Guest blog: Paul Shamplina on “retaliatory eviction” legislation

October 29, 2014


Paul Shamplina, Founder of Landlord Action

On Monday I attended Parliament to give evidence to the All Party Parliamentary Group for The Private Rental Sector before cross party MPS.  I was there to offer my views and experience of landlords Serving Section 21 Notices in retaliation to tenants requesting repairs to be carried out on their rental property.

The proposed Private Members Bill has been put forward by Sarah Teather MP, to stop rogue landlords serving Section 21 Notices and evicting tenants who complain about disrepair issues, instead of carrying out these repairs. When a complaint is received by the Local Authority, they will contact the landlord to resolve the problem.  If that fails, the Council will serve a Notice of Works to be carried out.

I agree tenants need to be protected,  but I feel the best way forward is for rogue landlords to be named and shamed.  Landlords should be prosecuted by the Councils for non- compliance and a “three strikes and you’re out” rule should also be implemented, meaning that the landlord would have a banning order preventing them from renting out properties in the future.

The All Party Parliamentary Group will hear further evidence next Monday and then provide its report to the Government.  The bill is due to be heard in Parliament on the 28th November 2014.

My main fear when the bill was first announced, was the effect it would have on the majority of good landlords, because it opens the floodgates for tenants to damage properties on purpose and then make spurious claims.   Other issues include the added delays as a result of Environmental Health Officers having to inspect properties that have been reported, trouble with gaining access which could also cause delays, rent not being paid and an increased number of defended cases at court.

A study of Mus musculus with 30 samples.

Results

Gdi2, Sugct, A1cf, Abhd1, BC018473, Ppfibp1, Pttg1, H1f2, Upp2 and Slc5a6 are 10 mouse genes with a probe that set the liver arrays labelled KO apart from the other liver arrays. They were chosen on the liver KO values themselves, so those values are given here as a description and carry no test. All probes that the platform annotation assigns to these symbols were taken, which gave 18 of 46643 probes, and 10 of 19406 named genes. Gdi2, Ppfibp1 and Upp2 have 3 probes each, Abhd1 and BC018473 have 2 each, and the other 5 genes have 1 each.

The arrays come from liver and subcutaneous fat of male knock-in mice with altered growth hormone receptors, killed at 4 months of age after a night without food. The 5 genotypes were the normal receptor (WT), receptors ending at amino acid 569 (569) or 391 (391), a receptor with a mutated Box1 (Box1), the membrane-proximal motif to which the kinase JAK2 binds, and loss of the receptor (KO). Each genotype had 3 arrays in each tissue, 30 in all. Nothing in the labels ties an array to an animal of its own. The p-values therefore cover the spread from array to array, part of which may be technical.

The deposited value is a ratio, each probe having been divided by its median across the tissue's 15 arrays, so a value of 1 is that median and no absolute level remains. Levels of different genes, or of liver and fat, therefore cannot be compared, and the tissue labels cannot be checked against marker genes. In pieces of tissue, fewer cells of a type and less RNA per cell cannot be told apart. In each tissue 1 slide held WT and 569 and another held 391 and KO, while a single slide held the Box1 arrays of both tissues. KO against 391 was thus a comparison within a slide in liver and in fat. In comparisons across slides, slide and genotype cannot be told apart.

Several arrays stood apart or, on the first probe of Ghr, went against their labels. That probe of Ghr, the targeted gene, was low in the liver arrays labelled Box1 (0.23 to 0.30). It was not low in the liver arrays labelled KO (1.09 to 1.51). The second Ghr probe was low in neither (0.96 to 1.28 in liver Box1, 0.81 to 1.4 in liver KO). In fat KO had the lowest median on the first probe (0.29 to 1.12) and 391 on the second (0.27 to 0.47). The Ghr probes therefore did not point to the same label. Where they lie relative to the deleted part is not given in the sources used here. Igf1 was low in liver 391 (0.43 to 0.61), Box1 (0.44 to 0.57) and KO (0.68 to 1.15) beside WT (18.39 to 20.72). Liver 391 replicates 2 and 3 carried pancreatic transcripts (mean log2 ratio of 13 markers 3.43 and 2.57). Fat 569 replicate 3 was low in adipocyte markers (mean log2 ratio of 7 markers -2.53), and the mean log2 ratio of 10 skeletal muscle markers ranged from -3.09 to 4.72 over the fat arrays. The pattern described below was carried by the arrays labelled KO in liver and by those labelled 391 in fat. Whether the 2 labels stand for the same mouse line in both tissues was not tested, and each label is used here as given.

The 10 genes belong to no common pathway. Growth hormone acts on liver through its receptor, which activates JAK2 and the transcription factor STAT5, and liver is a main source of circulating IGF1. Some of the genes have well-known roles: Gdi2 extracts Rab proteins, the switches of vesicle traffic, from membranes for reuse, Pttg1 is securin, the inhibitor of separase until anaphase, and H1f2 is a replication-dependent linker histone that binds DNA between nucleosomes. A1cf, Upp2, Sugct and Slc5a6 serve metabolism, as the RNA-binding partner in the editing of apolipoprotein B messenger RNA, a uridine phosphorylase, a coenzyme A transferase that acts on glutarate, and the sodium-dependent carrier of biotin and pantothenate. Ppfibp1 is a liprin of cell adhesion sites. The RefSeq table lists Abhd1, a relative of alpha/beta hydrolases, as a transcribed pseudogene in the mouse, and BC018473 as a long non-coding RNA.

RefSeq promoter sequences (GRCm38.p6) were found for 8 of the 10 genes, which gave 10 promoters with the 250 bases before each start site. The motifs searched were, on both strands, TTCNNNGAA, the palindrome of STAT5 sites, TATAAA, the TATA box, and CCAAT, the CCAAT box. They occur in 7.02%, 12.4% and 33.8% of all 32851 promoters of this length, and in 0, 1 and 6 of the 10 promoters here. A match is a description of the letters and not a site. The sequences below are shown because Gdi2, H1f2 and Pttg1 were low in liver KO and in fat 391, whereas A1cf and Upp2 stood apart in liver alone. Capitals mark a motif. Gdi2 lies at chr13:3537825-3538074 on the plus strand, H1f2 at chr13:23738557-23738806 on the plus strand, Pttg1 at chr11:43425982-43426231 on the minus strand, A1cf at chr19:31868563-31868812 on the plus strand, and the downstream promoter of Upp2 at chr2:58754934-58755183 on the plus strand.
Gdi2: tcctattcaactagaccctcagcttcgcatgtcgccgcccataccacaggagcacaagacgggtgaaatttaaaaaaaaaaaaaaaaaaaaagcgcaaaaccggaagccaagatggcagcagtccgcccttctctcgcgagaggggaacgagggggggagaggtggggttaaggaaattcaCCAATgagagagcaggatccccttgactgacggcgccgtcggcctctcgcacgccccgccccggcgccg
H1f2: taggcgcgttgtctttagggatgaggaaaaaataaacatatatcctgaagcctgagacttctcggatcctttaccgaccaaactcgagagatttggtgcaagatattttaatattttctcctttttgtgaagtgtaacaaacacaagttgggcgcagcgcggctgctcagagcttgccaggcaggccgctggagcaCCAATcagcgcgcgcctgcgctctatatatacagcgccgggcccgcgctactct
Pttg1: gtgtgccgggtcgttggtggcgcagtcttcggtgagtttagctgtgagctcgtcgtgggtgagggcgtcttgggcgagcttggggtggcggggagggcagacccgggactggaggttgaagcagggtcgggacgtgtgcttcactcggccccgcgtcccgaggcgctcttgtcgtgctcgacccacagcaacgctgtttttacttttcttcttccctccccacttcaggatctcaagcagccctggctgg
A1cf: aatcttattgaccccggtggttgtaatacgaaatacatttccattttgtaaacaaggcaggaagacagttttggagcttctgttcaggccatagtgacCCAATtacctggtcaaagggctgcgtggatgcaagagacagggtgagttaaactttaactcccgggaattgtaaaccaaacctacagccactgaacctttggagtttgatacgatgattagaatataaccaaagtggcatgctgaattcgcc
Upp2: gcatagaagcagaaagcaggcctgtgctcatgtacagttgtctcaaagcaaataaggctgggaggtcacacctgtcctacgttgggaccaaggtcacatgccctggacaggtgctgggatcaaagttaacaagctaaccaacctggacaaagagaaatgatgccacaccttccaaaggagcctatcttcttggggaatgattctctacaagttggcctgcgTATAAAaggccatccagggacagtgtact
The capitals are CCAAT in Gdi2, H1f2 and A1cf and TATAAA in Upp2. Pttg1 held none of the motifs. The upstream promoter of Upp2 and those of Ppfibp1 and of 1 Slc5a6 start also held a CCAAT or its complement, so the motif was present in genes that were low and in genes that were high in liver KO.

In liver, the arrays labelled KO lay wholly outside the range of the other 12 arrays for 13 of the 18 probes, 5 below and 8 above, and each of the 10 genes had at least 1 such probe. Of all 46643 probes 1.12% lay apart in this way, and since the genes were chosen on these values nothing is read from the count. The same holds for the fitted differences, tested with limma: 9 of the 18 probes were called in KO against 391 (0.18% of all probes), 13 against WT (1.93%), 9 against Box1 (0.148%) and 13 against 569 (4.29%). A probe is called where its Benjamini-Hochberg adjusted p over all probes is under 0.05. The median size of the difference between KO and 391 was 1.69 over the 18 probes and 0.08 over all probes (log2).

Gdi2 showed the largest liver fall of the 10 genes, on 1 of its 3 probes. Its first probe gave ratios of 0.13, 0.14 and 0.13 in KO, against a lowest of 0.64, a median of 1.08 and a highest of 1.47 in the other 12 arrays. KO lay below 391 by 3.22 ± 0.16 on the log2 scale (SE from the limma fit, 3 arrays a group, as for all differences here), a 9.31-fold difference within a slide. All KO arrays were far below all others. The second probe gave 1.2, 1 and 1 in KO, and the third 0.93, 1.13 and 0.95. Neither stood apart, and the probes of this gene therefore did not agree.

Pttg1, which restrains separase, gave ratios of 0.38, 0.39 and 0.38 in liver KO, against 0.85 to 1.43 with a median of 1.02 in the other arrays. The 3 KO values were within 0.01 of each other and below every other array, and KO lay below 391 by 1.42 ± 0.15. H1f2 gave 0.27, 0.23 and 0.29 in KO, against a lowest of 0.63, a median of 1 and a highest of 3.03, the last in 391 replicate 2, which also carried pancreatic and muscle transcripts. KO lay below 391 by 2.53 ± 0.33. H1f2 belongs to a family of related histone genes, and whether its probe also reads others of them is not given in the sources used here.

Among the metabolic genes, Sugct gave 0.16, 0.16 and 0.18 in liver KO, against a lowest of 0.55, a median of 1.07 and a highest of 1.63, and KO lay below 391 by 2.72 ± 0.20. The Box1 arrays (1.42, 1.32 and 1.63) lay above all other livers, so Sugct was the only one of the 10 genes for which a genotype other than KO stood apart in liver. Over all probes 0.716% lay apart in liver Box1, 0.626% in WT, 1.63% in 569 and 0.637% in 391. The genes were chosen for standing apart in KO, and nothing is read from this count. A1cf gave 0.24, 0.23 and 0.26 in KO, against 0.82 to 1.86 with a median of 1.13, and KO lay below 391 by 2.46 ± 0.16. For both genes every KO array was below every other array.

Three weeks ago, Landlord Action conducted a telephone survey with 100 landlords that had instructed them to serve Section 21 notices.  The results found that only 2% of our landlords had served a section 21 because the tenant had asked for repairs to be carried out.  28% served notice because there were rent arrears and 15% needed the property back so they could sell, 13% needed to move back into the property, 11% wanted to re-let to another tenant to obtain more rent and 8% said the tenant wanted to be evicted so they could be re-housed by the Council.

We plan to carry out a more extensive survey in the very near future, but my concern is that some groups have been labeling the service of a Section 21 as ‘Retaliation’,  when you can see, the numbers are actually very low.  Shelter had also said that 2% of landlords served notice under Retaliation, which with our figures we agreed with, and Sarah Teather has quoted that figure in her article in the Guardian.

However, we disagree with Shelter’s figures that this equates to 213,000 tenants being asked to vacate because of ‘retaliation’.  I also disagree with statistics that Sarah Teather says that 14% of families in London have been hit with Revenge Evictions.

You have to realise that Section 21 is non-fault and landlords do not have to give a reason why they want their property back, so actually, most of the time tenants may not know the reason.  With property prices in London rising by as much as 10% this year, many Landlords simply want to sell and take advantage of the market, especially when a lot have been stuck in negative equity for so long.  Others have more personal reasons as to why they want possession, as highlighted in our survey.

If you wish to read a blog that I wrote about the all time high levels of Accelerated Section 21 Possession we have experienced, please click >>> here.

In summary, we must now wait until the 28th November to see if the Bill will be heard in Parliament.

Please note that the views expressed by guest bloggers represent their own personal views, and not necessarily those of everyone associated with Northwood.